Optimizing performance of the Weather Research and Forecasting model at large core counts: a comparison between pure MPI and hybrid parallelism and an investigation into domain decomposition

Hall C3 (The Georgia World Congress Center )
Christopher G. Kruse, Yale University, New Haven, CT; and D. Del Vento

Handout (3.4 MB)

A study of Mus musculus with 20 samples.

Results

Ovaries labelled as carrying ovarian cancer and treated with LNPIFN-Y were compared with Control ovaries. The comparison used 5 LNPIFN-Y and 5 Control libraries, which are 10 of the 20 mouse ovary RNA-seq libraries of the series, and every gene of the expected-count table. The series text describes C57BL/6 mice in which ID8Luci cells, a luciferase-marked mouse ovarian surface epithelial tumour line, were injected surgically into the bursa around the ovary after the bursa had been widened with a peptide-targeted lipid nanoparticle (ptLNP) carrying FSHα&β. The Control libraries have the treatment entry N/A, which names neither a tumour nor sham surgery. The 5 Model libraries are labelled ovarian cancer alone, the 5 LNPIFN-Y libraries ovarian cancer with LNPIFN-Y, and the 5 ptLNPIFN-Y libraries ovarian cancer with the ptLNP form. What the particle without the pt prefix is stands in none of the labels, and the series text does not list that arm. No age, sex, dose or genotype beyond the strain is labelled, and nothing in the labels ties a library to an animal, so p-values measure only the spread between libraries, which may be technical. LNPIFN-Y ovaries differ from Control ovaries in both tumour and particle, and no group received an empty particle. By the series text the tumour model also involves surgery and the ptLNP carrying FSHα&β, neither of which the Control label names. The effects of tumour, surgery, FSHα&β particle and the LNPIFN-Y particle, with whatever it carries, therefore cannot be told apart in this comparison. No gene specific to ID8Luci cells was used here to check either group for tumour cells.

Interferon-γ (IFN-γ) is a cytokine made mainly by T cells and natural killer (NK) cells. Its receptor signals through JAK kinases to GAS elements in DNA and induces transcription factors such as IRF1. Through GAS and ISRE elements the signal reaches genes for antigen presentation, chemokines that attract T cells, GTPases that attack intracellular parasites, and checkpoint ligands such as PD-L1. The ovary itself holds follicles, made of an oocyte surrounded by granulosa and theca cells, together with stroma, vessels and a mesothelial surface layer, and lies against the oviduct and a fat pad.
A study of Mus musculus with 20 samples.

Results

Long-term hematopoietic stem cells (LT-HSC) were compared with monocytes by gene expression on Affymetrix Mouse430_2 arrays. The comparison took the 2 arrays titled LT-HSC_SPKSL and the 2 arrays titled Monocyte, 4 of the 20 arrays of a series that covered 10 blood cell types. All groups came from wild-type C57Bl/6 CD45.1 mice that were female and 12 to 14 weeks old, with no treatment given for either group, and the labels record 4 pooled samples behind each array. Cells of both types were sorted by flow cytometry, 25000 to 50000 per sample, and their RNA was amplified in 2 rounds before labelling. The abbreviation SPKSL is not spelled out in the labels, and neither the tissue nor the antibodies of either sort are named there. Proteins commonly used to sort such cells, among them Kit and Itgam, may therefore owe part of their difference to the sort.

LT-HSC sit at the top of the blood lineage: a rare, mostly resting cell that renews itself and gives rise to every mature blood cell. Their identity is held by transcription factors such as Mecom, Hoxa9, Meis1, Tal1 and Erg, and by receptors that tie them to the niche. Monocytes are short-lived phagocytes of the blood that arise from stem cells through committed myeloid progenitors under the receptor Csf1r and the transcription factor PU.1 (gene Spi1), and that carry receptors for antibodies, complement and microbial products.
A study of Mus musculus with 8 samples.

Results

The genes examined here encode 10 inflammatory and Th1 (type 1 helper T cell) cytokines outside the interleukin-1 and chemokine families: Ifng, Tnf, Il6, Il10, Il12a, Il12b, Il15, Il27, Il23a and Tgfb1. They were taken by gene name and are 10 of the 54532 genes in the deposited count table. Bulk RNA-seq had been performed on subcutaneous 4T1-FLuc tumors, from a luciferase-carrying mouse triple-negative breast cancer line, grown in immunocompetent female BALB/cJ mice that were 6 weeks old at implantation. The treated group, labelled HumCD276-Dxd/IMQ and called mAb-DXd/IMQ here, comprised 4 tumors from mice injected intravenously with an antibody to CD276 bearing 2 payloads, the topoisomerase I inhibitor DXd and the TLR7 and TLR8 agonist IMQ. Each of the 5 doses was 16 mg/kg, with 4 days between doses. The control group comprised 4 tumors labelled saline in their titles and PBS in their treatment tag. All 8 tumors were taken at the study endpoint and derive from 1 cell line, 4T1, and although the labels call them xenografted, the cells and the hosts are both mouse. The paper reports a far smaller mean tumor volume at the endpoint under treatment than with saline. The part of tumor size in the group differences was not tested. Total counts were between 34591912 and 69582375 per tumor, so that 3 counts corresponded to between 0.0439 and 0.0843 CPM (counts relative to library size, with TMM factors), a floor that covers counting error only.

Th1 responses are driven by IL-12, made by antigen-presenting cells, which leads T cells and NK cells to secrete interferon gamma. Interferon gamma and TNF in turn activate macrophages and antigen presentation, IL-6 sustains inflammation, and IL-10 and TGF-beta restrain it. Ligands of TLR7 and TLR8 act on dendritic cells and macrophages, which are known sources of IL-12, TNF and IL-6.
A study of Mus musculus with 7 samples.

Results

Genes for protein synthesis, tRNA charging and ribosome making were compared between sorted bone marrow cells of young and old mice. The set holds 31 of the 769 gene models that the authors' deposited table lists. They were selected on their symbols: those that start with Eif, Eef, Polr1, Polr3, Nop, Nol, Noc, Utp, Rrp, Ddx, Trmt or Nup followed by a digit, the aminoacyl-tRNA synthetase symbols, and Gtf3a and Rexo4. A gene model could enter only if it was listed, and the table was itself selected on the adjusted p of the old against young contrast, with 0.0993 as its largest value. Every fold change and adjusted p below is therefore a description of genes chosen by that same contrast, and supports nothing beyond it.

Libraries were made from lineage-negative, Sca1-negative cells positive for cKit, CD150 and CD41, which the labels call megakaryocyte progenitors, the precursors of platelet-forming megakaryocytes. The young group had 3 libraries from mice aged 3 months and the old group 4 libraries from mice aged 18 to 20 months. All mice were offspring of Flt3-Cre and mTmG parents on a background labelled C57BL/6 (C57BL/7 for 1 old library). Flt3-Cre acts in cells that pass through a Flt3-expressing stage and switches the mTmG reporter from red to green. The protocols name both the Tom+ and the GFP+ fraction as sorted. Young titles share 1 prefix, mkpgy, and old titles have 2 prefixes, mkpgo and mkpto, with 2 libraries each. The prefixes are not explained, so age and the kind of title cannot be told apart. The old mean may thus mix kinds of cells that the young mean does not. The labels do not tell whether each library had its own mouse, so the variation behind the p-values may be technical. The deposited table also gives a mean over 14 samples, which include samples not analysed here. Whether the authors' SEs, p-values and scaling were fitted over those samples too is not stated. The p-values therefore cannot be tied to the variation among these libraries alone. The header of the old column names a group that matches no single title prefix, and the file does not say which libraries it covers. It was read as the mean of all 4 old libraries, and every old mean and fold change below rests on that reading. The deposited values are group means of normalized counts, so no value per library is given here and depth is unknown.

Two aspects of performance and scaling of the Weather Research and Forecasting (WRF) model were investigated in this study: Pure MPI parallelism was compared against hybrid parallelism and scaled from 512 to 64K cores, and the effects of domain decomposition on performance were investigated. On the Yellowstone supercomputer, different combinations of MPI tasks per node and OpenMP threads per task were tested. The optimal hybrid combination was scaled up, and performances comparable to the MPI-only case were noted. Additionally, a comparison of performance scaling of a variety of runs with differing resolution and parameterizations is presented. Domain decomposition effects were investigated by varying the patch (horizontal subset of original domain) aspect ratio for a constant number of processors. The patch aspect ratio which results in optimal performance has a dependency on the total number of grid points assigned to each patch. For a decomposition resulting in patches with large numbers of grid points, a more horizontally rectangular patch aspect ratio is optimal, with performance differing only up to 10% with aspect ratio. For a decomposition with smaller numbers of grid points, a less rectangular patch aspect ratio is optimal, with performance decreasing by as much as 50% compared to a poor domain decomposition. The relationship between optimal aspect ratio and performance is attributed to a trade off between optimal memory access (most important in the former case) and minimal MPI communication between patches (most important in the latter case).